T1 and T2
Acquittal for hidden camera footage for use in documentation of illegal dog trade
T1 and T2, a photographer and a journalist on a TV programme, called at F's address claiming that they wanted to buy a puppy. Using a hidden camera, they recorded footage and audio of F while she was in her kitchen, which was used as a showroom and sales room and where there were a large number of dogs. The footage and audio were not blurred out in the TV programme, where F's name was also mentioned.
The accused had been acquitted by the District Court, but been found guilty of unlawful shooting of footage in a non-public place by the High Court.
The majority of the Supreme Court stated that shooting footage with a hidden camera is generally highly concerning, and that this approach can only be justified following a careful weighing of the public interest relative to the individual's right to protection. The hidden camera footage was shot in F's home because her home was used for commercial trading, and the majority found no basis for setting aside the journalistic assessment that the unlawful trading could not be proven without using a hidden camera. As the TV programme raised issues of great public interest concerning animal welfare etc., and since the offence against F was modest, the majority regarded shooting the footage as lawful.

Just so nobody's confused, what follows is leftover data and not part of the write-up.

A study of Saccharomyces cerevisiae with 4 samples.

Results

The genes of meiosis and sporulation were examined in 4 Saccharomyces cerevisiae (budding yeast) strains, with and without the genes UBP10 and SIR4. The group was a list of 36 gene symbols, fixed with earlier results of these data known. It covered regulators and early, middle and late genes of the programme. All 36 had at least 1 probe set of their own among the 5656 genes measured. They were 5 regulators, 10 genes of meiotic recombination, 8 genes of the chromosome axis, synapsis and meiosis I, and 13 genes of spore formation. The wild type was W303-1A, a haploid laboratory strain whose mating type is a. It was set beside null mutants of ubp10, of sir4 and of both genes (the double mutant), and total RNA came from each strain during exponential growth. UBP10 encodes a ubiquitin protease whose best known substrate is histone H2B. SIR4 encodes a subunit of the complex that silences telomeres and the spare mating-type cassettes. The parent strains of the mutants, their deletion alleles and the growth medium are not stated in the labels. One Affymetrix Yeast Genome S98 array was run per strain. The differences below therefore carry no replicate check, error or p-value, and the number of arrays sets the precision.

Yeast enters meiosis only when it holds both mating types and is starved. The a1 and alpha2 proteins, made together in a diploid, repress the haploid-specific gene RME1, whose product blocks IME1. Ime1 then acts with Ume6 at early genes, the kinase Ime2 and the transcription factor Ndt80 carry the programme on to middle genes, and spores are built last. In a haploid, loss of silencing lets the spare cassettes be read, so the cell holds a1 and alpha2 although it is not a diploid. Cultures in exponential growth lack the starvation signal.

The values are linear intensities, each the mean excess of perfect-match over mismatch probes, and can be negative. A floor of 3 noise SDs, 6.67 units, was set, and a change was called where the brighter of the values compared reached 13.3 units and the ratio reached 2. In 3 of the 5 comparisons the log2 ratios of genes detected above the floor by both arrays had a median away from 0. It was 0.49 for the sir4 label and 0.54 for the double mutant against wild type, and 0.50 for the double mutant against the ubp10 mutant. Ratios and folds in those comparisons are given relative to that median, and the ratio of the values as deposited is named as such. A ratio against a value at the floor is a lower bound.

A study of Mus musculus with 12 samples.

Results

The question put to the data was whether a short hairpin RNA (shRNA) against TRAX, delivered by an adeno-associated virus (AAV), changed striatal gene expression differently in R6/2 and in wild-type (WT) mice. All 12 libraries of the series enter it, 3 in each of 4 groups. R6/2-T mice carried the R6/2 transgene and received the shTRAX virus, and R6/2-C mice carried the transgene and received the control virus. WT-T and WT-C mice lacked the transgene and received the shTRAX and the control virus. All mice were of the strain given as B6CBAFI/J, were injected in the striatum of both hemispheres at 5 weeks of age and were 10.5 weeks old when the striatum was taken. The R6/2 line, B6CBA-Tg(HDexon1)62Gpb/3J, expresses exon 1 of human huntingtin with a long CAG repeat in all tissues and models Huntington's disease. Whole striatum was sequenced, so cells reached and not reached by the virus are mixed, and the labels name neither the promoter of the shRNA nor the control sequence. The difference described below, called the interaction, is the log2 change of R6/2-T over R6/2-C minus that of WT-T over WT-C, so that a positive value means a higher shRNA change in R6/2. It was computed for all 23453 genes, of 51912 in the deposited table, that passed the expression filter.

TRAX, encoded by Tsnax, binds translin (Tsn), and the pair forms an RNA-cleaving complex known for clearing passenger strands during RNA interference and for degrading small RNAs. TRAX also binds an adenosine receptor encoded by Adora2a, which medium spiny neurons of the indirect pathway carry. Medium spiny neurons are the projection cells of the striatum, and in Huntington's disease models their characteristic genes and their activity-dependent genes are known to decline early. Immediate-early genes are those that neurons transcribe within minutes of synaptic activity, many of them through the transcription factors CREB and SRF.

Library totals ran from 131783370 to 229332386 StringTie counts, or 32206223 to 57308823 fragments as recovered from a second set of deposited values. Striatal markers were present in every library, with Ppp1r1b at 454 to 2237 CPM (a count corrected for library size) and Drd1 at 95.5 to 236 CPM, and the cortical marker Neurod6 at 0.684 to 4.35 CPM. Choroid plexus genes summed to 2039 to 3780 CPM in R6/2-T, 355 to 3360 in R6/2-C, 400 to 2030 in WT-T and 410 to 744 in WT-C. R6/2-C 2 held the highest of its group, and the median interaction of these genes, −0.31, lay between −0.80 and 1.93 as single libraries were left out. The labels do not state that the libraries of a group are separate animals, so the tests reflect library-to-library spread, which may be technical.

The minority stated that shooting the footage amounted to a serious infringement of F's right to protection of her privacy and home, and that the criminal offence to be documented by the hidden camera footage was of little public interest. The minority remarked that, pursuant to the rules of the Danish Administration of Justice Act, F would be protected against the police shooting such footage, and that the dog trade could have been disclosed in another way. Consequently, based on a general assessment, the minority found that shooting the footage was a punishable offence.
In accordance with the majority of votes, the Supreme Court, thus, acquitted T1 and T2.